Lady Antebellum changed their name to “Lady A” in June, as the connotations of the band’s original name become untenable amid the George Floyd protests. But that created an issue for White, a Black woman who has been performing under that stage name since the early 1990s.
At first, it appeared that White and the trio would come to an agreement to share the use of the name. But the talks broke down, as the trio said that White had demanded a $10 million payment.
The trio filed a federal suit in Tennessee in early July seeking a declaration that they are entitled to use the name. The band had filed a trademark for “Lady A” in 2010, and received it in 2011, and the nickname had been used in merchandise and promotions before then.
White has now filed her own suit in Seattle, claiming a common law right to the “Lady A” trademark based on decades of performing under that name. The suit contends that the Nashville band’s use of the name will result in brand confusion, and states claims of trademark infringement and unfair competition.
“The effect of the name change on Ms. White’s ability to distinguish her music in the marketplace was overwhelming,” the suit contends. “Internet and social media searches for ‘Lady A,’ which had readily returned results for her music, were now dominated by references to Lady Antebellum. Ms. White’s Lady A brand had been usurped and set on the path to erasure.”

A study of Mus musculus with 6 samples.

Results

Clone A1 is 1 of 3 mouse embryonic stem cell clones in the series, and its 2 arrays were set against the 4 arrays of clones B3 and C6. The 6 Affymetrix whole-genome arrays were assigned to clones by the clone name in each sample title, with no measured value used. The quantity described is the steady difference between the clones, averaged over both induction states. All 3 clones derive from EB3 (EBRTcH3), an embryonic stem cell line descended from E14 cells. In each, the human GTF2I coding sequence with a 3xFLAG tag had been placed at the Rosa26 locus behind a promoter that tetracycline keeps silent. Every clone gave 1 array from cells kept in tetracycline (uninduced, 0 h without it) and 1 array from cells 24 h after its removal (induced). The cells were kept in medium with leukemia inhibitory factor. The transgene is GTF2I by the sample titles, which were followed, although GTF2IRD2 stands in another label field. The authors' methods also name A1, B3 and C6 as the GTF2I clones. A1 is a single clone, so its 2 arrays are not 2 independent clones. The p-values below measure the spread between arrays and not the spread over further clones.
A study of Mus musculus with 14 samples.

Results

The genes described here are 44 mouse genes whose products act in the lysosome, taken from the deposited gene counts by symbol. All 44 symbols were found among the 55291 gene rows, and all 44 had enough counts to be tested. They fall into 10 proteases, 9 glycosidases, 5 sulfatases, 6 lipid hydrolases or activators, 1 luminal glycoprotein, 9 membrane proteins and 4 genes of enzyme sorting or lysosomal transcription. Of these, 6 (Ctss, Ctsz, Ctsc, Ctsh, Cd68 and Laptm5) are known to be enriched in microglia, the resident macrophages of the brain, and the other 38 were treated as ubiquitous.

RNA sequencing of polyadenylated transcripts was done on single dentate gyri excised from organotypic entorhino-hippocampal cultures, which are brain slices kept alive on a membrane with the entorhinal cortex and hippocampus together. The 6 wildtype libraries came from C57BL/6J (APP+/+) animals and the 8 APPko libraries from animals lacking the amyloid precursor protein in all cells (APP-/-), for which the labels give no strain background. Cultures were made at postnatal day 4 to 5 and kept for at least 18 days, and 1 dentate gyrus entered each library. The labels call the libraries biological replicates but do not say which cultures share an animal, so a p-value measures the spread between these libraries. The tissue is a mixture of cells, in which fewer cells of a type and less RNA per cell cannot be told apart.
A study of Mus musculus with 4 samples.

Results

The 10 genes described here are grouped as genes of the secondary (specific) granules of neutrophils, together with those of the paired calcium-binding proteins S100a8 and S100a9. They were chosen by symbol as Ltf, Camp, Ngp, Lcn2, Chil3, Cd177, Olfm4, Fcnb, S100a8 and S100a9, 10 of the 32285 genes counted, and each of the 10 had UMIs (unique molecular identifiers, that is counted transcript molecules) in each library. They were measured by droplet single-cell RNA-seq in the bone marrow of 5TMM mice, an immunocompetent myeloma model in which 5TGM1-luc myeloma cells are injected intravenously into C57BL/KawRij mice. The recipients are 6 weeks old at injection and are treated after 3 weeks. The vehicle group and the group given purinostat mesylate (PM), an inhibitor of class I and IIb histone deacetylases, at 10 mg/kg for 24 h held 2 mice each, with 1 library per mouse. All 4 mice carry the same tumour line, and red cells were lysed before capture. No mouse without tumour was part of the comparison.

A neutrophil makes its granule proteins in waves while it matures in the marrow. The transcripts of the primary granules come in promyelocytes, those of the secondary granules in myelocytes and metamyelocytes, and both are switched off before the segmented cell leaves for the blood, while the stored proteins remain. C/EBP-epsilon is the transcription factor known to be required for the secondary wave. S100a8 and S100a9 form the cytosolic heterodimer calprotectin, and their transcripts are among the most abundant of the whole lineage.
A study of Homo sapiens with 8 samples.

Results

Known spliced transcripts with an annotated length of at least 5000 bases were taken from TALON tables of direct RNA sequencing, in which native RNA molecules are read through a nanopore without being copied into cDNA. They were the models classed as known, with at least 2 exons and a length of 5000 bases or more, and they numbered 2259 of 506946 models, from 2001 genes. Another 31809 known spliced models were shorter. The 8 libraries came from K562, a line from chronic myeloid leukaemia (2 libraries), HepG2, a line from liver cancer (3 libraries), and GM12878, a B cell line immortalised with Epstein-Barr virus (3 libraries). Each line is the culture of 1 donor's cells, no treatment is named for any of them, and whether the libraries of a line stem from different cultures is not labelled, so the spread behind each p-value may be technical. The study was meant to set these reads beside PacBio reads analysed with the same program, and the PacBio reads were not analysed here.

The suit offers a little more detail about how the negotiations collapsed. According to White, the trio’s management company reached out quickly after the name change was announced and set up a video call. On the call, the trio discussed promoting White’s work, or collaborating on a song. Though she says they did not make a deal, soon afterward the trio sent her a draft agreement.
Under the draft agreement, White would not have received any compensation. She would get up to $10,000 to reimburse her for legal fees — though she was working with pro bono counsel — and the trio would make “best efforts” to promote her career.
White came to feel that the agreement was not in her interests, and retained the firm of Cooley LLP, which was also working pro bono. Cooley responded to the trio with a draft settlement on July 6, which is apparently where the $10 million demand came in, though that is not specified in the complaint.
Two days later, the trio filed its declaratory relief action in Nashville. In an interview with Vulture, White said that the trio’s conduct exemplified “another white person trying to take something from a Black person, even though they say they’re trying to help.”
“If you want to be an advocate or an ally, you help those who you’re oppressing,” she said. “And that might require you to give up something because I am not going to be erased.”